Ridley Scott’s ‘Exodus’: Holy Week at Christmas


Karen Kunawicz

It’s an unusual time of year for a movie like this. Sure it’s huge and epic and has all these impressive special effects but Ridley Scott’s Exodus: Gods and Kings is lengthy, somber, serious fare.


It runs at two hours and 22 minutes though it feels much longer. And already you are just going through several of the highlights in the life of Moses (Christian Bale). Knowing Ridley Scott, I can only imagine the things left in the editing room.

You get to see Moses’ early life at court. You also realize John Shooter from Secret Window and Herbie Stempel from Quiz Show a.k.a. Brooklyn native John Turturro is Seti—he is a great actor but it can be a bit unsettling if you see him ruling Egypt if you remember him from those roles. Sigourney Weaver appears as Tuya but her role was very nebulous. She pops in and out and you sort of go, “What was that?”

The first part of the story explores the dynamic between Ramses (Joel Edgerton who everyone noticed in The Great Gatsby) and Moses. It takes a while to get to the “good stuff”—which for me would be the 10 plagues: water turning to blood, frogs, lice, flies, diseased animals, boils, hail, locusts, darkness and then finally, the death of the first born.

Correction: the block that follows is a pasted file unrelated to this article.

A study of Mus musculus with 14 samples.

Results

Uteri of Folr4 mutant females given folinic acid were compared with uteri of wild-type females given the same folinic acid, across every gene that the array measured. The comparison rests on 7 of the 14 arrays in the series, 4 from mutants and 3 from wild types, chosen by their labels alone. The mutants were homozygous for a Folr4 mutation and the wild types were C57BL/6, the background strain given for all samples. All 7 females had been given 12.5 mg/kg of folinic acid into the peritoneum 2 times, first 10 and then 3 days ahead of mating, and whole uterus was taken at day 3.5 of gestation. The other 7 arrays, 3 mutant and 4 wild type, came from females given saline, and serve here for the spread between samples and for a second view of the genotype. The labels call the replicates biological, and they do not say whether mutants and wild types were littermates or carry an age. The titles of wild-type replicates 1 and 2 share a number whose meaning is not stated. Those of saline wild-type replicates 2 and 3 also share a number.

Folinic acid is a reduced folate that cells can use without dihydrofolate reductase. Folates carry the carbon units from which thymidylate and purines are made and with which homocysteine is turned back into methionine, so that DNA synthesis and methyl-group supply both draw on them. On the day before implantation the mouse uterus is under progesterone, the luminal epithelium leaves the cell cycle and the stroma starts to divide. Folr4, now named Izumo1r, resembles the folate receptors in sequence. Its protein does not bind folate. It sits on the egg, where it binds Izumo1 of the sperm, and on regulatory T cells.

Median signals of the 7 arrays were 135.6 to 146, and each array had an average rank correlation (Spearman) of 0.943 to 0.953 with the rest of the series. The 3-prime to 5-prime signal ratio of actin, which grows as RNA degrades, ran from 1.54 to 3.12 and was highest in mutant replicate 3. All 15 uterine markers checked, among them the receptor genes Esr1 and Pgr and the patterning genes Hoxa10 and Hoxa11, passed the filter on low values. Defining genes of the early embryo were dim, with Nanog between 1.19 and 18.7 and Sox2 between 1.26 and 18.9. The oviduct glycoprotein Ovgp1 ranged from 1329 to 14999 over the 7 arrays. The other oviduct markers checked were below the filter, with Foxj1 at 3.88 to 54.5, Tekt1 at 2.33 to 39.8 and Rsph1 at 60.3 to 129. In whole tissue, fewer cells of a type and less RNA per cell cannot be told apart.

Then after that, I waited through the “talkies” for The Crossing of the Red Sea. Since most of us went to Catholic school or have Catholic education offered in secular schools, we are all familiar with this story. So like watching a fairytale—it’s about waiting for your favorite parts. Though is certainly on the grim side as far as fairy tales go. We are reminded again of the Old Testament God: vengeful and jealous.

I still am trying figure whether Ridley Scott is treating the Book of Exodus as “fantasy” material or if he is making a statement about religion, Christianity, Catholicism or God or if he’s doing both.

I left the cinema feeling like a had a refresher course in grade school religion class, like it was Holy Week and like I needed a theology scholar to have coffee with after.

In terms of acting, this is the Bale and Edgerton show, with lots of great but under utilized talent like Ben Kingsley (Nun) and Aaron Paul (Joshua).